Design Principles and Patterns

D in SOLID – Dependency Inversion Principle. Short explanation with example.

Here are 3 statements, all of which means the same thing:

  • Depend upon Abstractions. Do not depend upon concretions.
  • High-level modules should not depend on low-level modules. Both should depend on abstractions.
  • Abstractions should not depend on details. Details should depend on abstractions.

This principle was introduced by Robert Martin together with the rest 4 SOLID principles. In my opinion it is the simplest one in terms of understanding. But not the least in importance. Not elaborating it too much, lets say it in short and straight forward:

Put abstraction level (interfaces) between high-level and low-level modules

When interfaces are involved, lower level modules can be changed, extended without fear to affect high level modules which actually use them. In turn, high level module does not have to care about implementation details of low level modules.

Example

Lets leverage our classic HR sample. Lets say we have class for calculating annual bonuses. So far we have it applied just for one employee type – Administrator. But later on we have to do the same with another employee type – Salesman.

Wrong


//Before change...

public class BonusCalculator{

public int getBonus(Administrator employee){
//... calculate ...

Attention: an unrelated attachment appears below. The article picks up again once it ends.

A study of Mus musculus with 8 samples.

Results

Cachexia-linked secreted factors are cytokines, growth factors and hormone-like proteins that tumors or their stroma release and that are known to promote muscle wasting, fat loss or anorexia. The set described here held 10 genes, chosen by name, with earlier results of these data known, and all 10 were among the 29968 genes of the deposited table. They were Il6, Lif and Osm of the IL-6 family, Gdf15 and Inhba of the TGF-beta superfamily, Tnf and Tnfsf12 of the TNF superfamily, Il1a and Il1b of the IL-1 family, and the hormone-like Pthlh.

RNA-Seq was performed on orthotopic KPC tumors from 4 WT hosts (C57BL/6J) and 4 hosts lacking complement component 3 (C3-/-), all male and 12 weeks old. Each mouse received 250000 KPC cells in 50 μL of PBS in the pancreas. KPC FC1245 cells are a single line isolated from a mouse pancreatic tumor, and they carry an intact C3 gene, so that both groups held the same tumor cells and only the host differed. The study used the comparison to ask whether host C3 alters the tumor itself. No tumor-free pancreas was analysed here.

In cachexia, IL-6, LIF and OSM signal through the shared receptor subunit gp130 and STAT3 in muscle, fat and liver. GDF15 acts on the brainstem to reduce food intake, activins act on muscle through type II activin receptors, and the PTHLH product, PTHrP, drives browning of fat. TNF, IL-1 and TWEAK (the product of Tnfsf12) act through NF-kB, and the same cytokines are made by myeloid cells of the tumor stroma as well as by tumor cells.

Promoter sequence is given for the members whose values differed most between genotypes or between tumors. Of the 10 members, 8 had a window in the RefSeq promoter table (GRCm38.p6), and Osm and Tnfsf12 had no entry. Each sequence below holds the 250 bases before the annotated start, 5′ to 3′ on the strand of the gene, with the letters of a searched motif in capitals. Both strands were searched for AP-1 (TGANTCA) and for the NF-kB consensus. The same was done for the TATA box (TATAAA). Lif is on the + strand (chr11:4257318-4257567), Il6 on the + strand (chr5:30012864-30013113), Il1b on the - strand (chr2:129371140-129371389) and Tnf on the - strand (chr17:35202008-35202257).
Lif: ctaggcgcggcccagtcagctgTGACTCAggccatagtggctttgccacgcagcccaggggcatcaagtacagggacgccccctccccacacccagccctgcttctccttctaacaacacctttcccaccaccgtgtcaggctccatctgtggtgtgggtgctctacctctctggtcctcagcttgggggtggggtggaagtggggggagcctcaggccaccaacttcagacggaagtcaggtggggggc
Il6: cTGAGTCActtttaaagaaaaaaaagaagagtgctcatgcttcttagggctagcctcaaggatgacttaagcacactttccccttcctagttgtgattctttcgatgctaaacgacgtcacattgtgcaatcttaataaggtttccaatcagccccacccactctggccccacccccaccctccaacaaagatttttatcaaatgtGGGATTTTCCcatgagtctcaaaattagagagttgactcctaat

}

}

//After change...

public class BonusCalculator{

public int getBonus(Administrator employee){
//... calculate ...
}

public int getBonus(Salesman employee){
//... calculate ...
}

}

As we see in the sample in order to add another employee type, we had to change BonusCalculator class itself by adding another method signature with new employee type. We had to do this, because BonusCalculator class is dependent upon employee type.

Correct

public interface BonusedEmployeeInterface {
//...
}

public class Administrator implements BonusedEmployeeInterface {
//...
}

public class Salesman implements BonusedEmployeeInterface {
//...
}

public class BonusCalculator{

public int getBonus(BonusedEmployeeInterface employee){
//... calculate ...
}

}

In the sample above we have added another abstraction level – BonusedEmployeeInterface. Leveraging it in the class BonusCalculator lets us calculate bonuses to any number of types of employees. The only requirement is that its class must implement BonusedEmployeeInterface.

Please check for other principles of SOLID in this post – SOLID Software Design Principles. Summary.